MONTREAL - The Toronto Maple Leafs had quickly fading playoff hopes when they last faced the Montreal Canadiens. Just over a month later, their precipitous drop through the Eastern Conference standings mercifully came to an end.

Toronto's seventh straight season without a playoff berth ended Saturday night with a 4-1 loss in Montreal.

"It's disappointing," Toronto defenceman John-Michael Liles said. "We had ourselves in a great position but at the same time I think we can take some lessons out of it and hopefully put it to good use in the future."

The Maple Leafs were sixth in the Eastern Conference on Feb. 6 with a 28-19-6 record for 62 points after a 6-3 win over Edmonton before their free-fall out of the playoff picture.

Ron Wilson was fired on Mar. 3 with the Maple Leafs in the midst of a 1-9-1 skid that dropped them to 12th place in the conference.

Randy Carlyle made his debut behind the bench with a 3-1 win over the Canadiens at the Bell Centre, but the Maple Leafs were well on their way out of a playoff spot by then.

"This is akin to an 18-wheeler going off a cliff," Toronto GM Brian Burke said at the morning press conference announcing the coaching change.

The desperate move failed to gain any traction as the Leafs lost their next five games under Carlyle, who finished with a 6-9-3 mark.

Toronto finished 13th in the East with a 35-37-10 mark and 80 points.

"These players have to commit to a higher level of intensity, conditioning, and all out work ethic, and that's not something that's going to be taken very lightly," said Carlyle, who guided Anaheim to the Stanley Cup in 2007. "We're going to maintain that there is more for this group to give and we're going to ask more and they better be prepared to bring more."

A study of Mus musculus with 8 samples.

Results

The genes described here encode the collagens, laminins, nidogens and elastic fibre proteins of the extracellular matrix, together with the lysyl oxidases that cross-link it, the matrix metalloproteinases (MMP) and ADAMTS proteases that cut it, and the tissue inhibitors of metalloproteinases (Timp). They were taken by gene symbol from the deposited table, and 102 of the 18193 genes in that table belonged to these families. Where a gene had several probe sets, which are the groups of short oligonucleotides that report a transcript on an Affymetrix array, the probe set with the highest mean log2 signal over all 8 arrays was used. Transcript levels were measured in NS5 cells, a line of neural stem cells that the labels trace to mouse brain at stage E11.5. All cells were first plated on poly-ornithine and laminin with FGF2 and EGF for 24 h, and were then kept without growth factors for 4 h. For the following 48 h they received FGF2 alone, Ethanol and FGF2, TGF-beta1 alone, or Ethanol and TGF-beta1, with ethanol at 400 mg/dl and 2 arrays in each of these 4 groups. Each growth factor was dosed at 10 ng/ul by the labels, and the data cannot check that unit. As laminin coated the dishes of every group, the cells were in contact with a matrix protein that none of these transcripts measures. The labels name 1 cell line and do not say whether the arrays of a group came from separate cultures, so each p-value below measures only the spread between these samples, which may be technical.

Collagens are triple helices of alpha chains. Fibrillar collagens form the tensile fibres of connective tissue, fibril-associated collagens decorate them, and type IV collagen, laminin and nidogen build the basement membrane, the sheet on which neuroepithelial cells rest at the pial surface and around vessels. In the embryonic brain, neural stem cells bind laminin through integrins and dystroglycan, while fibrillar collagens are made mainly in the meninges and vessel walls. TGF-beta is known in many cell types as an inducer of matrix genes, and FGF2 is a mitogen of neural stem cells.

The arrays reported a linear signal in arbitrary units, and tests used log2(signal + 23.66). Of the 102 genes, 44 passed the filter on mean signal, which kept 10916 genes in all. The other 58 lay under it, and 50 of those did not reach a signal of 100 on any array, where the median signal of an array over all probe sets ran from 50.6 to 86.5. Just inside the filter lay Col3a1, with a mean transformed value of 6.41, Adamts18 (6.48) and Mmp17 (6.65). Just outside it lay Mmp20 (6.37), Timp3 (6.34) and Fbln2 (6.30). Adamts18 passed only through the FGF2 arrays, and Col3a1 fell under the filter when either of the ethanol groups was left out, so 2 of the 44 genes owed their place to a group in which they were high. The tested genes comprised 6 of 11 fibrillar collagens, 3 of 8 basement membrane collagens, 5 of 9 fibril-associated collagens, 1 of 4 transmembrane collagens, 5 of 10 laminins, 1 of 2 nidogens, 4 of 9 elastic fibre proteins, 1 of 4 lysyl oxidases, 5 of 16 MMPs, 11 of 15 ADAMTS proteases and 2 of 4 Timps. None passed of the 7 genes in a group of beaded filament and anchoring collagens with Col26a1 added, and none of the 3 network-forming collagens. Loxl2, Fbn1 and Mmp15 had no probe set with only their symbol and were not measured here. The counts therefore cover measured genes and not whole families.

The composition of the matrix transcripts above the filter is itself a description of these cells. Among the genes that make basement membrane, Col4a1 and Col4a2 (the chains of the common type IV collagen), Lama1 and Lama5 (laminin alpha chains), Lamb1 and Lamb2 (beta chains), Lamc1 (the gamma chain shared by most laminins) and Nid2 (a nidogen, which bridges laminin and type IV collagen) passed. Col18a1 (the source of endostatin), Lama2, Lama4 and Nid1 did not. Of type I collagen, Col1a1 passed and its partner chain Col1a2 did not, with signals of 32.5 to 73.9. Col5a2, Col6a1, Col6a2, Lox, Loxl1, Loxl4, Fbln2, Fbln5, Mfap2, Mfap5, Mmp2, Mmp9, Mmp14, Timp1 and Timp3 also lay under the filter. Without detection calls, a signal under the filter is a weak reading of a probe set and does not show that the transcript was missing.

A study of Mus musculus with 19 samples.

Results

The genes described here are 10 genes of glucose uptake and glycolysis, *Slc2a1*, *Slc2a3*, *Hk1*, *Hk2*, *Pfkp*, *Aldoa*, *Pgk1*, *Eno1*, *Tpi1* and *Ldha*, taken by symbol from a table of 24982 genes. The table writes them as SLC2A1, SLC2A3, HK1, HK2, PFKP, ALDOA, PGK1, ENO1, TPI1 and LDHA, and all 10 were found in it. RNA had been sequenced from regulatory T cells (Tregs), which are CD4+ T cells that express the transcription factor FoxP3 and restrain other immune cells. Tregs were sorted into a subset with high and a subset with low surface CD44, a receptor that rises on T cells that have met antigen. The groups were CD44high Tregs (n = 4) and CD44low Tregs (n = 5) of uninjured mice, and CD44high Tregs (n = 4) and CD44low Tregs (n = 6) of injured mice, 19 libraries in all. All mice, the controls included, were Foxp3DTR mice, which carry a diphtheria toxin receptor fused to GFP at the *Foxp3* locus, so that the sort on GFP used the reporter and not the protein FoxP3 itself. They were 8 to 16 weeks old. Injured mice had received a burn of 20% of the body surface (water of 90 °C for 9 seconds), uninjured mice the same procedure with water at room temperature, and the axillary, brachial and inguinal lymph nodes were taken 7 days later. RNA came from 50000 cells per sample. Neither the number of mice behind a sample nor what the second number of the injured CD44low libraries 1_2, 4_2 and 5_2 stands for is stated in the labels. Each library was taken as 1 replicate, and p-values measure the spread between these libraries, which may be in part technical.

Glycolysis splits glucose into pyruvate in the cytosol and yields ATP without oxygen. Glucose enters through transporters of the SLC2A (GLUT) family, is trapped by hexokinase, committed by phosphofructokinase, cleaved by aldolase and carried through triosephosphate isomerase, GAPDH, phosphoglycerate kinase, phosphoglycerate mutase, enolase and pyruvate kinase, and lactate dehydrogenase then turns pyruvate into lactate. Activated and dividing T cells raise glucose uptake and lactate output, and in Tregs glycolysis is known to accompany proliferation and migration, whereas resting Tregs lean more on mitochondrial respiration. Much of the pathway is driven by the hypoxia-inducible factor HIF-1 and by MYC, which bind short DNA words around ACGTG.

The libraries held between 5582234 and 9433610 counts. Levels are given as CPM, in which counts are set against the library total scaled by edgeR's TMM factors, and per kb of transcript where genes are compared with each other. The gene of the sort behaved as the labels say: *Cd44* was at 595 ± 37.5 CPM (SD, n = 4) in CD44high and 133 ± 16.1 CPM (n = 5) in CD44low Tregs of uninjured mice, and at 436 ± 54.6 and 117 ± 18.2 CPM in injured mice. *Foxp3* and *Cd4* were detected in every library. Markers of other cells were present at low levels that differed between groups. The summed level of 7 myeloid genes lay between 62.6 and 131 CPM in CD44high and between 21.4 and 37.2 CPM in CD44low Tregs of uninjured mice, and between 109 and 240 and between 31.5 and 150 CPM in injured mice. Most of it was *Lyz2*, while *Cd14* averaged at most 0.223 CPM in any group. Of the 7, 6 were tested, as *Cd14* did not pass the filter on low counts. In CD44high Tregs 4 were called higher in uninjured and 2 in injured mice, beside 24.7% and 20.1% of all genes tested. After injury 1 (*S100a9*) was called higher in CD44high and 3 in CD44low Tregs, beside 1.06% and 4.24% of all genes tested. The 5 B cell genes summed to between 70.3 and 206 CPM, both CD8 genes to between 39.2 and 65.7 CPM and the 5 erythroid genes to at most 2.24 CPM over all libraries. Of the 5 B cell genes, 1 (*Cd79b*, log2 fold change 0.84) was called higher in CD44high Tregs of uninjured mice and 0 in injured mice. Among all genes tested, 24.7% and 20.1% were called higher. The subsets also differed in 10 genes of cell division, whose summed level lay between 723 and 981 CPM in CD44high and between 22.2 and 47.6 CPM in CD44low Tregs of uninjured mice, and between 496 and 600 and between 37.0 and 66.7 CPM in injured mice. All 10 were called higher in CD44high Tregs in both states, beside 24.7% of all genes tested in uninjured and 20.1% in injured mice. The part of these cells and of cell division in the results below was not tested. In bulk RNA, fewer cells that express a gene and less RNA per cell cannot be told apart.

The last of six season meetings in the NHL's longest-running rivalry was as anticlimactic as could be imagined with Montreal locked into a last-place finish in the East.

Ben Scrivens made his fourth straight start in the finale after posting a 2-0-1 record in his three previous outings, including wins over Buffalo and Tampa Bay.

"It was a big confidence booster for me to have the coaches decide to go back with me against Tampa Bay, and again here tonight," said Scrivens, who will rejoin the Toronto Marlies in time for the AHL playoffs. "It's a good feeling."

Toronto had a glorious opportunity to get off to a fast start 3:11 in when Montreal's Josh Gorges was called for delay of game when his clearing attempt sailed over the glass with Blake Geoffrion already in the box for boarding.

The Leafs, never ones to make things easy on themselves, were instead the victims of a rare goal against while on a 5-on-3 power play. Centre Tomas Plekanec raced down the ice and left the puck to slide through Scrivens for an unassisted short-handed goal at 3:20.

Maple Leafs captain Dion Phaneuf scored his 12th goal early in the third to draw Toronto within 2-1 between goals by Max Pacioretty and Erik Cole, Montreal's two 30-goal scorers. Canadiens forward Brad Staubitz scored into an empty net with just under two minutes remaining.

"We definitely have got to play to a higher level to have success," said Phaneuf, who confirmed that he would play for Canada at the world championships in Finland and Sweden. "We didn't win enough games after the all-star break and that's why we're not going on to the playoffs.

"The bottom line is we didn't play well enough, we didn't raise our game to the level that it needed to be going down the stretch when teams really step up a level."

Toronto all-star Phil Kessel failed to record a point as he finished with 37 goals and 45 points for 82 points. He is the 16th player in team history to reach 80 points and the first since Mats Sundin in 2001-02.